Tatar Reggae Star Singing for a Multicultural Crimea
close to the reggae philosophy and illustrative of the current mood among the Crimean Tatars'
Tatar reggae singer Izzet Ablyazov is one of a new generation to be connected to Crimea following the Stalinist deportations of the Crimean Tatars in 1944. His music is full of references to 'people1 'homeland1 and 'protest', things he believes to be both close to the reggae philosophy and illustrative of the current mood among the Crimean Tatars, but he rejects any notion of conflict with Crimea's Slavic residents, insisting, "There is no need to fight over Crimea - there is enough for everyone." The singer grew up in Kyiv as one of the first Tatars to be able to move to the European part of the USSR following relaxation of restrictions which had previously kept the Tatar population shut up in the Asiatic Soviet regions.
"I never felt quite so spiritually at home as in Crimea," he explains of his love for the peninsula. "I first visited when I was five years old and was overwhelmed, but I only really began to feel so passionately about Crimea after my grandfather died. He had been intensely proud of his Crimean heritage, and after his death in 1992 I became fascinated by the history of the Crimean Tatars. I studied how they lived, their religion, language and culture. You must understand that Crimea was always a dream for most Tatars living in exile, seen only in photos and pictures, but now we have been allowed to return." Izzet sings in both English and Crimean-Tatar, and sees his music as a reflection of the international heritage of the Crimean peninsula. There has been much discussion in the national and international media about the increasing instances of clashes between Tatars and Slavs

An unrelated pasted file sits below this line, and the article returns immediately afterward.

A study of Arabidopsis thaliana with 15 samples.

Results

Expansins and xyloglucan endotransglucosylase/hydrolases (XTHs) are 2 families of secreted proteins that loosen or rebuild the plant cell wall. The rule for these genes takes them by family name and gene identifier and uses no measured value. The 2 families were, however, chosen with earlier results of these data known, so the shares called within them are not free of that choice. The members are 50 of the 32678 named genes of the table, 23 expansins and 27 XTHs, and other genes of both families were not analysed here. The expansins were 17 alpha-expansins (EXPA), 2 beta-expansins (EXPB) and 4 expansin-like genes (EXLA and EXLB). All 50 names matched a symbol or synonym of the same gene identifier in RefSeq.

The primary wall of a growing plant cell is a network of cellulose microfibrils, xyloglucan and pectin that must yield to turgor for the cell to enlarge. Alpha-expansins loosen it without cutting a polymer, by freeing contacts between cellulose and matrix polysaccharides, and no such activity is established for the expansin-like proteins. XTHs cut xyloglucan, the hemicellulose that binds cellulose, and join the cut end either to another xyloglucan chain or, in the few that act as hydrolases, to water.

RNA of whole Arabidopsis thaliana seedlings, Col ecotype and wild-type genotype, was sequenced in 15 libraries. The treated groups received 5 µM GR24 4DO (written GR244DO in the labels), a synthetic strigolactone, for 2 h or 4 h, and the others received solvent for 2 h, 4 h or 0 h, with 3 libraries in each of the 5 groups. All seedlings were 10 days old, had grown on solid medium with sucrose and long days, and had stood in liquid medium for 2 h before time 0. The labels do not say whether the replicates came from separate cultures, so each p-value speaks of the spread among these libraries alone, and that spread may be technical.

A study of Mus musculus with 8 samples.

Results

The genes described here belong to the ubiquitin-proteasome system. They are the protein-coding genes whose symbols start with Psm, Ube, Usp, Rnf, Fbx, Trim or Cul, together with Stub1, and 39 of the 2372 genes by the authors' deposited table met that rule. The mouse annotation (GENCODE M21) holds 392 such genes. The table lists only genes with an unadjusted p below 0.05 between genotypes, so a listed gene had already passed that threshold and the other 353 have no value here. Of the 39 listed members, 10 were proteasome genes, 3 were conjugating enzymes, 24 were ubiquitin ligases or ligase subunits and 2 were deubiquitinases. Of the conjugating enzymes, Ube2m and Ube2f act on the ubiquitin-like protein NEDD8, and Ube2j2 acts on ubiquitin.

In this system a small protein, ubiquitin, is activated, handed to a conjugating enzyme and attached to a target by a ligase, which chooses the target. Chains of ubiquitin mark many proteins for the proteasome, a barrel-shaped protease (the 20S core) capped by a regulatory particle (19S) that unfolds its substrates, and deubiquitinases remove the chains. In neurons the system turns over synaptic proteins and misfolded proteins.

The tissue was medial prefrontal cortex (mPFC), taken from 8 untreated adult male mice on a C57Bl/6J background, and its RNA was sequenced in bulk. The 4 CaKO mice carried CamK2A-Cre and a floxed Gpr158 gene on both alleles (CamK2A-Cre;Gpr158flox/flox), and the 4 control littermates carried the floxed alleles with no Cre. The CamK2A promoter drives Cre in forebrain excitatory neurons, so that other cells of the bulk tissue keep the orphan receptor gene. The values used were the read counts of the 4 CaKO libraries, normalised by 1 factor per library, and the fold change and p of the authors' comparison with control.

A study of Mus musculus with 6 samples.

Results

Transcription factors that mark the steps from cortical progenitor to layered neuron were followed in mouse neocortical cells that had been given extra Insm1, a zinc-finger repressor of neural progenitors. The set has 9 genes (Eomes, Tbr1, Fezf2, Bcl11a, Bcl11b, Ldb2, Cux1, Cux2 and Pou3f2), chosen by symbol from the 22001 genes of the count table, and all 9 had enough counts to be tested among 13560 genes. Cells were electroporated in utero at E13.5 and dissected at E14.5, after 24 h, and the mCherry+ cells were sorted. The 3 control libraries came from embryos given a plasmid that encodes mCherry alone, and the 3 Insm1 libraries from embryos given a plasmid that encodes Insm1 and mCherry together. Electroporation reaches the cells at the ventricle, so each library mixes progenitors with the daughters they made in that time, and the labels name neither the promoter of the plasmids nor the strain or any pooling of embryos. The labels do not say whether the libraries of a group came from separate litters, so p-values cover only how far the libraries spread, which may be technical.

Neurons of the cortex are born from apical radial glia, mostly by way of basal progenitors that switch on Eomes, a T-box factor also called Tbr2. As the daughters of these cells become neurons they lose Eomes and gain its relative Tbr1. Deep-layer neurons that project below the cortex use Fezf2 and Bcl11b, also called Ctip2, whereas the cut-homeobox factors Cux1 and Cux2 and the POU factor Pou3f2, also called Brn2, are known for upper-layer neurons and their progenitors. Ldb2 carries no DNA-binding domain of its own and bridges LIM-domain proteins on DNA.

in the peninsula, with talk of a brewing ethnic conflict, but Izzet rejects such claims. "The most common trend now is for intermarriage and mixed families. Tatars can often be found visiting their Ukrainian neighbours for vodka and a pork sandwich. Things have changed and the old laws are not so strictly enforced. Any conflict could only be the result of provocation from parties
interested in upsetting the ethnic balance in the region," he reasons. Izzet is no stranger to mul-ticulural exchange, having learned English among Kyiv's African community while studying English and music. "I remember their friendliness and humour. They taught me reggae first, and later African rhythm music. Their music reflected a deep and ancient relationship with their people, and
I have attempted to reveal my relationship to Crimean Tatar culture in the same way through my music." The Crimean showbusi-ness scene is not particularly well-developed, and Izzet usually performs in Kyiv. His debut album, 'My Security' is available in stores across Kyiv. You can catch him live at European Square on Independence Day (24 August).